Disappointments from the 2011 Tour de France

The 2011 Tour de France is complete. It had some incredible moments. It also ended the way I hoped it would, except for a few minor things.

No stage win for George Hincapie

One of the commentators mentioned that George was creating for himself a spot in cycling history as the greatest super-domestique ever. It is hard to argue with that seeing how he has helped shepherd nine yellow jerseys onto the Champs Elysees. Armstrong credits the man with being one of his primary lieutenants, and now in this Tour his influence on the BMC team as it supported Cadel Evans was clear.

However, the role Hincapie played in the team tactics never presented for him an opportunity to turn his wheels in a threatening break. For him, no break equaled no chance for a stage win. That would have been marvelous, but admittedly not that realistic. I would have loved to have seen it.

Still, seeing the young team coming together at the conclusion of Sunday’s stage, reveals that George has helped accomplish much more than win a stage or a yellow jersey. He has helped build a team. It is a team on which it appears he will ride with again along the roads of France in 2012 when he will take yet another record with 17 starts.

No sponsor for HTC (soon to be “?”)

Then there is another American team with whom I was hoping to see some action – but not on the roads. HTC Highroad entered the Tour with a big question mark. Would they even exist at the end of the year?

I just couldn’t believe that this incredible team would go much longer without a sponsor. I even told someone that I would bet that an announcement would be made after the second rest day. I was wrong. As each day passed and the peloton moved closer to Paris things looked less and less likely.

Finally, we are hearing that something is in the works. You do wonder if it is too late. Cavendish is said to basically be packing his bags for Sky. Other members of the team are rumored to be preparing to sign contracts elsewhere. Even if Stapleton does land a sponsor (and if the rumors are true, it sound like he will – and that it will be a good one), the team won’t be what it has been.

Of course, with Highroad, what’s new? The amazing thing about the team is its ability to find success with whatever riders it has on board. It is one of the reasons why I enjoy the team. It says a lot for the organization that they are so successful. When Stapleton writes his management guru book, I’ll be buying it!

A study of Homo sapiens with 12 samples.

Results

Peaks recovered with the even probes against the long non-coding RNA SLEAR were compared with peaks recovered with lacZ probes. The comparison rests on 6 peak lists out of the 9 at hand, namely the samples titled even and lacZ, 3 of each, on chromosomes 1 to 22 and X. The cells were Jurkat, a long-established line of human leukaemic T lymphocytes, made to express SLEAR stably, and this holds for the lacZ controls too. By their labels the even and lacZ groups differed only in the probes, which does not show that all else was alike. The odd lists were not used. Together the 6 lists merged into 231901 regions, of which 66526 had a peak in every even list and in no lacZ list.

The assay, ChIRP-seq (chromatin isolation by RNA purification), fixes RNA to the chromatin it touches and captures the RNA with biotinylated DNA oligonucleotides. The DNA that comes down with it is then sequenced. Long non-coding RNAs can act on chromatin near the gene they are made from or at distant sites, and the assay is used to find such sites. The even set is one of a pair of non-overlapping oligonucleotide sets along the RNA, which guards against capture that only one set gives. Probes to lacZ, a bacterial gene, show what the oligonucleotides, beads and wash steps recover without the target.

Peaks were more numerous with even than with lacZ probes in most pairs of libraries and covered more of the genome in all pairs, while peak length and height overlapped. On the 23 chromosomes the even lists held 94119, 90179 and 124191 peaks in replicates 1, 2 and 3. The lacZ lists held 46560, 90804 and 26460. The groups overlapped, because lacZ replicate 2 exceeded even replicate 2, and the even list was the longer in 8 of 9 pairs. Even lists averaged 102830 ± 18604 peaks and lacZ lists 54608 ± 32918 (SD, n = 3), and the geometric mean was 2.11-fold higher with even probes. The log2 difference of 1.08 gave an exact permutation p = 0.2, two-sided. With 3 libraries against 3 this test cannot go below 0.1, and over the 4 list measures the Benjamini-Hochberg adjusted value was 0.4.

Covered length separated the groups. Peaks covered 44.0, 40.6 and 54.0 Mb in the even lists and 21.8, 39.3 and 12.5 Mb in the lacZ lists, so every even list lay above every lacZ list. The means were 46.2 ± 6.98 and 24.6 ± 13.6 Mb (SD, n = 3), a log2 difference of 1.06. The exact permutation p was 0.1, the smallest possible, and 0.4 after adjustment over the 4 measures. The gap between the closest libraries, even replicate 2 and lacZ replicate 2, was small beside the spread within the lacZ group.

The crack of the Shack

There was some great successes for American teams in the Tour. BMC takes yellow, HTC takes green, and Garmin put all of their riders (including a DZ cutout) on the podium by winning the team classification. It was Radio Shack that took the brunt of the bad luck. I could not help but feel sorry for them.

I saw a friend comment on Facebook, “Why don’t they just give Levi a saddle bag with a spare tire and let the rest of the team go home.” It was really beginning to look that way by the end of the 3,000 kilometers. The team had to feel punch drunk by the finish.

Certainly, Chris Horner continued to add to his legend. His crash and completion of the stage while not even knowing where he was speaks of his toughness. It also speaks to the danger of the sport — not merely the crashes, but the drive of riders (and team managers) to get back on the bike no matter what.

It is there I have to give kudos to Garmin Cervello. They have a system in place that allows them to evaluate a rider when he goes down. If he cannot pass the test, he does not ride. It would be wise for other teams to follow suit.

What a Tour de France! It is hard for me to find much with which to be disappointed. If there was one thing I would have liked to have seen, it would have been more contenders available to contest for the podium. So many of them were taken out in the early accidents. Yet, even the accidents created iconic stories. What cycling fan does not now know the name Johnny Hoogerland?

Finally, was this the cleanest Tour we’ve had in recent memory? So much of the nature of the racing and the lack of positives seems to point in that direction. We won’t know much more until the tests are scrutinized. I so hope so.

I do know that as messy as it is, the sport grabs hold of you in ways others can’t. We fans are not so much drawn to the rider who climbs to Alp d’Huez breathing through his nose. We cheer on the likes of Tommy Voeckler who collapses while trying to hold the yellow jersey for one more day.

Vive le Tour!


Jonathan started riding mountain bikes in the early 1990s. After discovering the ride can start at the end of his driveway, he moved to the road in 2006. Little did he know that first pedal stroke would lead him on an adventure that has become much larger than the bicycle.